For the first time, a case of swine flu has proven resistant to Tamiflu — the leading pharmaceutical weapon against the new virus, international health officials said Monday.
The resistance was seen in a patient in Denmark, who has recovered.
“The goods news is they just found one,” said Dr. Carolyn Bridges of the U.S. Centers for Disease control and Prevention.
It appears the strain developed in a patient who was taking the drug to prevent illness, and it has not spread to others. That’s a much better scenario than if the patient had not been taking Tamiflu and picked up a drug-resistant strain already spreading through the public, said Bridges, associate director for science in the CDC’s influenza division.
Also, it is not a mutation that includes pieces of both seasonal flu and the new pandemic form of the virus, according to Roche, the Switzerland-based pharmaceutical company that makes Tamiflu. Scientists have been worried about the new swine flu swapping genes with seasonal or other types of flu and perhaps mutating into a more dangerous or more infectious form.
Until an effective vaccine is developed, the drugs Tamiflu and Relenza have been considered the best available defense against the swine flu virus, which has caused nearly 28,000 reported illness in the United States, including more than 3,000 hospitalizations and 127 deaths.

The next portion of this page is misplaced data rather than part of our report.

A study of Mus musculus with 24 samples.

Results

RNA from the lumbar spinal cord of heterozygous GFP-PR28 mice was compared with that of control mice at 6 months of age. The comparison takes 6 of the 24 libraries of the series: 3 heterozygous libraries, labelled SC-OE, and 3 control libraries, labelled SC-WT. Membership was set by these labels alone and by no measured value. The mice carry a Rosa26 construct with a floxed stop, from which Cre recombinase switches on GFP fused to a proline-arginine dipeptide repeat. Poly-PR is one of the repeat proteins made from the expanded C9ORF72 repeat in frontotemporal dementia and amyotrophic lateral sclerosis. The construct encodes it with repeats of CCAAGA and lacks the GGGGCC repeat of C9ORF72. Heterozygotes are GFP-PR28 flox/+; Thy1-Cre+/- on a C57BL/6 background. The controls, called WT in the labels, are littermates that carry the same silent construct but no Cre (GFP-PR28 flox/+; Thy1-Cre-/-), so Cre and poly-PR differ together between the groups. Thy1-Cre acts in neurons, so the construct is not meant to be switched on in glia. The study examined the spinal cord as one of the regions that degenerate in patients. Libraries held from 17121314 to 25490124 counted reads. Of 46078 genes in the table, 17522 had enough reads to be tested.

Tamiflu resistance has not been seen in nearly 200 swine flu samples tested in the United States, Bridges said. But the resistance has been seen in other types of flu. Late last year, CDC officials reported that the most common flu bug circulating at the time was overwhelmingly resistant to Tamiflu. Health officials have believed it was probably a matter of time before a swine flu sample tested resistant, too.
The Danish case was isolated, however, and guidelines from the CDC and the World Health Organization continue to recommend Tamiflu as a treatment. No details were released on the patient’s age or gender, or on when the patient was sick.
“It is possible to see occasional reports of resistance while a drug remains largely effective,” said Terry Hurley, a Roche spokesman.